At a time when other automakers are hemorrhaging money, Honda just posted an unexpected boost in their profits, thanks to the Civic and the Fit.  This fits in with my personal observation at used car sites--that it's very hard to come by a small used car in good condition for love or money.  And also with data showing that those cars, which used to be a drug on the market, are suddenly selling for a substantial premium over book.

Richard Posner wonders if this isn't a little it irrational:

I wonder, too, whether the recent decline in U.S. gasoline consumption doesn't represent to some degree an irrational panic reaction. To take a huge loss on the sale of your SUV in a market that is depressed because so many other people are doing the same thing at the same time is unlikely to be justified by the gains from the improved gas mileage of the car you buy with the modest proceeds of the sale. Likewise, driving a substantial distance to save a few cents a gallon on the gas you buy is unlikely to be worthwhile. A recent article suggests that people fixate on the price of gasoline because unlike most regularly purchased items, such as food, gasoline is purchased separately from other items so that its price is not buried in a bill for multiple items.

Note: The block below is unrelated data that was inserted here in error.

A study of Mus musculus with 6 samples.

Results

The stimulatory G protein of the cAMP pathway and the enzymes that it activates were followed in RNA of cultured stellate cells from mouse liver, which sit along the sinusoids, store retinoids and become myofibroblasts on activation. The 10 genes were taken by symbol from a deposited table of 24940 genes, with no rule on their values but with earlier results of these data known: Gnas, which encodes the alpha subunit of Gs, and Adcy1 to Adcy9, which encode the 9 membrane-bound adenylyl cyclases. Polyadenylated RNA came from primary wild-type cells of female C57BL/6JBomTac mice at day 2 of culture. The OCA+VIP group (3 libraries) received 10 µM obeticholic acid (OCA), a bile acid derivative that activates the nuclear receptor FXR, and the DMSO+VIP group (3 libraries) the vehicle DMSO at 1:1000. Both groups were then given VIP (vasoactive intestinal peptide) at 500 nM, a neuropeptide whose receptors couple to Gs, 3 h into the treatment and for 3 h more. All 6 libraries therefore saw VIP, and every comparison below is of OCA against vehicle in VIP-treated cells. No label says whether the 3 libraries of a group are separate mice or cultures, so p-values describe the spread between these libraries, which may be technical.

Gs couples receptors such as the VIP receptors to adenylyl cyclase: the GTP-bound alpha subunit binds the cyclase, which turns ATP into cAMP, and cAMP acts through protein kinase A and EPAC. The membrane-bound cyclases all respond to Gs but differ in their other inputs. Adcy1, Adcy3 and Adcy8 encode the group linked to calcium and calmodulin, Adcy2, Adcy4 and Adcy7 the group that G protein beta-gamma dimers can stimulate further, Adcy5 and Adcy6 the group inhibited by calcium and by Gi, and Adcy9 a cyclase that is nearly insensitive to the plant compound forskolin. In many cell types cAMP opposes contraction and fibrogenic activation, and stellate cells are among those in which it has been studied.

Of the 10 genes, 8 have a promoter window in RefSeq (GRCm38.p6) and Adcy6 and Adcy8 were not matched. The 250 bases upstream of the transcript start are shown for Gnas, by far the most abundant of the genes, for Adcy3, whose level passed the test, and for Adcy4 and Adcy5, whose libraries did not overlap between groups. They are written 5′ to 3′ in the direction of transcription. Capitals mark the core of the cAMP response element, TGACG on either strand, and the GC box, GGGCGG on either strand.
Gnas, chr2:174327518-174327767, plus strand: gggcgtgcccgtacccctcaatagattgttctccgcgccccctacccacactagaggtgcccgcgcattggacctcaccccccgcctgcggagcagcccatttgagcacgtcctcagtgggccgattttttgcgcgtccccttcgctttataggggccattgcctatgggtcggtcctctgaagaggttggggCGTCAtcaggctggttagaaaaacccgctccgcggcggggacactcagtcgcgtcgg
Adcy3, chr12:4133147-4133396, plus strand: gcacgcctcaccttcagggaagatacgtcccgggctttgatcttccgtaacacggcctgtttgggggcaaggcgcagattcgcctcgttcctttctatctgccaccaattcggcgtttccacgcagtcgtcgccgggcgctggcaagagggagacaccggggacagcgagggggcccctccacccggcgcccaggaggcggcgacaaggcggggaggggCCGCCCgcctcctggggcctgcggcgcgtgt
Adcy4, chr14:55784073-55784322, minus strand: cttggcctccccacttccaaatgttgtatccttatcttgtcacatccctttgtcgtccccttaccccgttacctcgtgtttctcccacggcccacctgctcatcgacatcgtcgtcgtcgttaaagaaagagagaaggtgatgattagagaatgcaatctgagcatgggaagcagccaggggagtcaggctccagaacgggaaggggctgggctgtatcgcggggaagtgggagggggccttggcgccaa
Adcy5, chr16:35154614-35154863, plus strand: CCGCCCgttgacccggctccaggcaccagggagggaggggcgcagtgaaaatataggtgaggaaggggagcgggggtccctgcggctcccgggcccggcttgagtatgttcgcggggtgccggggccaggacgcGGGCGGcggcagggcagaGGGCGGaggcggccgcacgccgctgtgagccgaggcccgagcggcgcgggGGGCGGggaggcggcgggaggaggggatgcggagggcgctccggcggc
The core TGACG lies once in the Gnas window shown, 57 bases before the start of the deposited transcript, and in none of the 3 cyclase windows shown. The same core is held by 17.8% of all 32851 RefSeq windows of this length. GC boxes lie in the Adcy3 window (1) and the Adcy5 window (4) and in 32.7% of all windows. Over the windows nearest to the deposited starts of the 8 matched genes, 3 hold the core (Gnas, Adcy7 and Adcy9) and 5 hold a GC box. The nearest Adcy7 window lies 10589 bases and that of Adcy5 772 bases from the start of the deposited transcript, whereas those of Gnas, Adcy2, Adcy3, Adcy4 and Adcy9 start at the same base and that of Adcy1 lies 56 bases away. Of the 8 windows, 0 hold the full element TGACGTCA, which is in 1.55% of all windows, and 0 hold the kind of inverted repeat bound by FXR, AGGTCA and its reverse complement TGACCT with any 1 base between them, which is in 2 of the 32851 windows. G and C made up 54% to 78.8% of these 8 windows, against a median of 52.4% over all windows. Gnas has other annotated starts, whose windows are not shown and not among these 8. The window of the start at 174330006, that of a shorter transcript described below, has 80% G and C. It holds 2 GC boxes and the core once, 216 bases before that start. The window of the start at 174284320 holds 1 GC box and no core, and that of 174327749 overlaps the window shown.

I think the answer is "probably"; most people could probably save money by buying an SUV.  SUV prices have an expectation of higher gasoline prices built into them, when the best estimate of the future price is probably the present price.

On the other hand, that panic is not necessarily a bad thing.  The panic will make our economy more fuel efficient, which means that we will be less vulnerable to future oil shocks--one of the reasons that it took so long for oil prices to hit our wallets this time is that during the 1970s, the economy dramatically reduced the amount of oil it took to produce a given amount of GDP.  OPEC knows this, which is why they've been resisting Hugo Chavez's lunatic calls to throttle back on the taps--the end result of this kind of panic is usually a sudden price collapse.